Erewash Borough Council has won a long-running battle to prevent almost 200 homes being built on a greenfield haven opposite a historic row of cottages.

The plan would have seen an entire new estate in countryside near Ilkeston – and sparked an appeal by the would-be developer after the authority rejected it.

The Worcester firm argued that the scheme would help the borough meet housing targets. The fight went all the way to the government’s Planning Inspectorate – and threatened the council with a massive legal bill.

But a judgment handed down by the inspector has now BACKED the authority.

The 196 homes had been proposed off Sowbrook Lane on land facing the historic Twelve Houses – a terrace of isolated Grade II-listed cottages built in 1848.

Locals were enraged by the planning application, which was rejected in October 2022 and led to a public inquiry being hosted at Long Eaton Town Hall.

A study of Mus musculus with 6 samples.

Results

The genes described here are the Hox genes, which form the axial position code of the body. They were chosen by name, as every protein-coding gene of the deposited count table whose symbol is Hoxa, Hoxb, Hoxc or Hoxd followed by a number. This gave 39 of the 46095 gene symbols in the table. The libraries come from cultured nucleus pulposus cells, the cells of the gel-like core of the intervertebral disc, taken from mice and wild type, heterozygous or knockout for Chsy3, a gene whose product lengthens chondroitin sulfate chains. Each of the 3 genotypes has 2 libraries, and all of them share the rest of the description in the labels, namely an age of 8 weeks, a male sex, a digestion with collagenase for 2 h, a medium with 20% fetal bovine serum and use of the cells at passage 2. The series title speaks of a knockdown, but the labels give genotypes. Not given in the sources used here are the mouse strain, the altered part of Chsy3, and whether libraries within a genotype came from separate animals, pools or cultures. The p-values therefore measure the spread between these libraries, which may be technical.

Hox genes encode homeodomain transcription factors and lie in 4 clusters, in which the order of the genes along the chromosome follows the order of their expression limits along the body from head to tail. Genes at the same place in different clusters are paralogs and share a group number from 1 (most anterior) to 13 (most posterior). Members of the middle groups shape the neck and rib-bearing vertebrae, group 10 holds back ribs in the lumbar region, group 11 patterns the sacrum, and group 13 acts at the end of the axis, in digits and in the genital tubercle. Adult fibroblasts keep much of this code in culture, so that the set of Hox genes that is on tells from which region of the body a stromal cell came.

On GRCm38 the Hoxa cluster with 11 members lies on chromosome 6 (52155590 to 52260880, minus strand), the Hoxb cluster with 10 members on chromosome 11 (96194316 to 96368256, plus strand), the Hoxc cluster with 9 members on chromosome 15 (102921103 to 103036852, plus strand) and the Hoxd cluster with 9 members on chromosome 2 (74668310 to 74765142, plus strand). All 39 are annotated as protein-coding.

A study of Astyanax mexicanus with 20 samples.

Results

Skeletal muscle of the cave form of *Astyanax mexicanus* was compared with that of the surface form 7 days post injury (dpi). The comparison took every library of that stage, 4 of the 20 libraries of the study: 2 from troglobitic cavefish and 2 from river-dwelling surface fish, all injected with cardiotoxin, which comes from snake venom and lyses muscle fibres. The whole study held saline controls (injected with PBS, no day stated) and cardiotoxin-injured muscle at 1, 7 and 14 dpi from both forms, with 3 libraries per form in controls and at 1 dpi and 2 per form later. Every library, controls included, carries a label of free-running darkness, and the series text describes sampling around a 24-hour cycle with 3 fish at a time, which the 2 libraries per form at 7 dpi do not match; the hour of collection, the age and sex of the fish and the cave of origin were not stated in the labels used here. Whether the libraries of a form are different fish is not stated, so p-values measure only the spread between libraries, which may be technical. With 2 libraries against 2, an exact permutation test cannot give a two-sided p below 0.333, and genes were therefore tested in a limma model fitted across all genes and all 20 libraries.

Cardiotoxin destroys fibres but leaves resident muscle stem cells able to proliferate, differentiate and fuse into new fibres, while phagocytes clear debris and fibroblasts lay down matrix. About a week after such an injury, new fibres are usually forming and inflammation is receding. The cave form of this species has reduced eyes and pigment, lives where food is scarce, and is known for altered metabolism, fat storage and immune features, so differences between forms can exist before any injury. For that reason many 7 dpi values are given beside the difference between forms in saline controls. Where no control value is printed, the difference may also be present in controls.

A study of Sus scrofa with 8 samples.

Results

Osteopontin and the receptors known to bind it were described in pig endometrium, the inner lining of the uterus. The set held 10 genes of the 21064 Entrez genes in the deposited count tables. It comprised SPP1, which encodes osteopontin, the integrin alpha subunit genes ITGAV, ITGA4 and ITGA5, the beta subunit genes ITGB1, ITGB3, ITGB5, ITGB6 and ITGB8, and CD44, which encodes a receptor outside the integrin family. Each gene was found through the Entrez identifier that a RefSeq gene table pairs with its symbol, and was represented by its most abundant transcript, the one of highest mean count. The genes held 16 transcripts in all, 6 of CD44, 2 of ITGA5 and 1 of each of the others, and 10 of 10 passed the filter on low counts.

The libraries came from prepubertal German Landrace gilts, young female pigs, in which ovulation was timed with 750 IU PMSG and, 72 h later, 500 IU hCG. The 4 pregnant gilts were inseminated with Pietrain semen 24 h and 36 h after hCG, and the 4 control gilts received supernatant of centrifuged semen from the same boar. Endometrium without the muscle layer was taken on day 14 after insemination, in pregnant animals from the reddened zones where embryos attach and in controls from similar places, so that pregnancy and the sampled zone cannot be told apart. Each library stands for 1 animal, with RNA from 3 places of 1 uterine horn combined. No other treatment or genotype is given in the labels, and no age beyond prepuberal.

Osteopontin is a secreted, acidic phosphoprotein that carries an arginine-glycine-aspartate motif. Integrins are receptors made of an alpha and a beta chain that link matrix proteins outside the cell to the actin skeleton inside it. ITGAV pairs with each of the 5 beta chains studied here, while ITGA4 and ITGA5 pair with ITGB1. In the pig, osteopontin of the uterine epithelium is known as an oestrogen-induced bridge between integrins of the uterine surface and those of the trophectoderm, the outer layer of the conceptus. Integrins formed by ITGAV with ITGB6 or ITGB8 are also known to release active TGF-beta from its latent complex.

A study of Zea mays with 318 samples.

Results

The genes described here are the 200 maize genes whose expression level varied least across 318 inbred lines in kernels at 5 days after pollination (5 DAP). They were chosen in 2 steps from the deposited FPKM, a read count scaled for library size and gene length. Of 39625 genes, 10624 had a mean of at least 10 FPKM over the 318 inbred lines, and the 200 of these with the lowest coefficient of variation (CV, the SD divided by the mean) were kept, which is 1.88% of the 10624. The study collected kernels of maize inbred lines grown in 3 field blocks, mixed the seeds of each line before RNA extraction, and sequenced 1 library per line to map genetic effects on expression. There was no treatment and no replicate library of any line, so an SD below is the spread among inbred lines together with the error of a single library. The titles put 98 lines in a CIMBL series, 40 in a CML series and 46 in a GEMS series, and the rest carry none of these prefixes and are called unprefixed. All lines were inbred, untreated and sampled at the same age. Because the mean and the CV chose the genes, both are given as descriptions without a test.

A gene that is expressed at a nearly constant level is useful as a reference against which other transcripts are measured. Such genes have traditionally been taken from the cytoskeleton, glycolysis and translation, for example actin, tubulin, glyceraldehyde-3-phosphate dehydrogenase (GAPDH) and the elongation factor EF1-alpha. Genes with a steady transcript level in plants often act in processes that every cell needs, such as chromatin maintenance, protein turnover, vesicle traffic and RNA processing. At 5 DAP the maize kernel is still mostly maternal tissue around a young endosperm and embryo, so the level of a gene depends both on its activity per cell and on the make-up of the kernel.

The government’s Planning Inspectorate said Erewash was right to scotch the plans, which had been slammed by campaign group Kirk Hallam Green Squeeze.

The protesters branded the appeal by Wulff Asset Management Ltd “just a money-making attempt from the developers who want to challenge the local authority”.

Andrew McCormack, the government-appointed planning inspector, visited the proposed site and agreed with the council that issues included access and transport.

He said of the development: “It would be perceived negatively as a housing scheme that would appear as an isolated development in a countryside setting and unsustainable location.”

Erewash Council leader James Dawson said: “This is a victory for common sense. Despite the need for new homes in the borough this site was never a sensible location for such housing.

“The council is pleased that an independent Planning Inspector has endorsed the authority’s decision to refuse the original planning application.”